A Wilmington StarNews investigation
▸ Chemours' contamination of the Cape Fear River first became widely known in early June, when the StarNews reported on a 2016 study conducted by researchers from several North Carolina universities, the U.S. Environmental Protection Agency and Cape Fear Public Utility Authority. The study showed a chemical known as GenX was one of seven compounds present in the Cape Fear River and could not be filtered out of finished drinking water by utilities. Shortly after, during a meeting with local officials, Chemours employees said the GenX contaminating the Cape Fear was not a result of the product's manufacturing process taking place at the Fayetteville Works facility, but rather was created as the byproduct of a totally separate process that has taken place in cycles since 1980.
▸ Throughout the story, questions have lingered about the human health effects of GenX -- particularly considering it replaced C8, a proven threat to human health. There have been very few human health studies, and the N.C. Department of Health and Human Services initially set a health goal of 71,000 parts per trillion, later lowering it to 140 parts per trillion. The EPA has not set a health standard for GenX and does not appear poised to in the foreseeable future.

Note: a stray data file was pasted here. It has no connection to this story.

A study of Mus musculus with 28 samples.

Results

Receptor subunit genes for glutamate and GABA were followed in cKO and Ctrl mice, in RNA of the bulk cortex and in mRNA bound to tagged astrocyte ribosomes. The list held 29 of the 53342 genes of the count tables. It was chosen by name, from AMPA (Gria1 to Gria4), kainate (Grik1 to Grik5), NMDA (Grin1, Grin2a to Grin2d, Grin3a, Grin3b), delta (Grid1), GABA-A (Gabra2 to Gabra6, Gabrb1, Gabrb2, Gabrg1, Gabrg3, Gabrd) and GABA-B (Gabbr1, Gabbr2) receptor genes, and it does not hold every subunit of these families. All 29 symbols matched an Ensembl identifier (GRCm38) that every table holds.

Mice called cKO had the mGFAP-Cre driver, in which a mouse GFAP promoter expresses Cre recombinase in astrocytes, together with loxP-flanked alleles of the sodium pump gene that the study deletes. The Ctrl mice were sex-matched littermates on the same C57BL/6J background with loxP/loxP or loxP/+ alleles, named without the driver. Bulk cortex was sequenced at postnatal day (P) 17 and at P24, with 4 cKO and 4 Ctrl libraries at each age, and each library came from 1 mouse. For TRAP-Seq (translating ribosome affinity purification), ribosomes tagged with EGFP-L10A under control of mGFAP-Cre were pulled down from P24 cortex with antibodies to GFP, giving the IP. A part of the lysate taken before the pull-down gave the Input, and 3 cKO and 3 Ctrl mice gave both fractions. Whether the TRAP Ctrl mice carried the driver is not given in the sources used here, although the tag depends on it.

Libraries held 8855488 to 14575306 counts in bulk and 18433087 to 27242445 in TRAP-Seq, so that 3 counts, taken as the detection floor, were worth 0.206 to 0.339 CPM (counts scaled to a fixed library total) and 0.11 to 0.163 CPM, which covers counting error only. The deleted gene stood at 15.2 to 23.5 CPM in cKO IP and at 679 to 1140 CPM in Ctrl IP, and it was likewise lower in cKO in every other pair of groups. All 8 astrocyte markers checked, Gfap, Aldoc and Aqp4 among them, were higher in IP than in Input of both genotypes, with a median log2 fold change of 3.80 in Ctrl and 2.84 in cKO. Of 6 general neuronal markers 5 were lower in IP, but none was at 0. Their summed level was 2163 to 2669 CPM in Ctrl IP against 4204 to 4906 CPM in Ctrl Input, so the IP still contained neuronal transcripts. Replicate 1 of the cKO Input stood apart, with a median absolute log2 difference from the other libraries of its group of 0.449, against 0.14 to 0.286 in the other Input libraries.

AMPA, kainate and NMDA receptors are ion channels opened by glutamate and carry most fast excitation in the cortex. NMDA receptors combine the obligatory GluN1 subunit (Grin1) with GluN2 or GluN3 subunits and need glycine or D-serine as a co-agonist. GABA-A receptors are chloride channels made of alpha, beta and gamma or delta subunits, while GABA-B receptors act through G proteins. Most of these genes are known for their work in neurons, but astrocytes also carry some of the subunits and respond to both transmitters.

▸ The N.C. Department of Environmental Quality has continued its investigation of Chemours' activity and discharges at the Fayetteville Works site, slapping the company with a notice of violation for groundwater contamination. Chemours and the state also reached an agreement on a partial consent order, where the company agreed to continue preventing the discharge of GenX and other chemicals while also eventually providing DEQ with access to confidential business information.
▸ But the agreement between Chemours and state regulators hasn't stopped a flurry of entities, including CFPUA, and private individuals from filing lawsuits, claiming Chemours and DuPont -- from which Chemours was spun off in 2015 -- knew for years they were violating a host of environmental laws with their toxic discharges.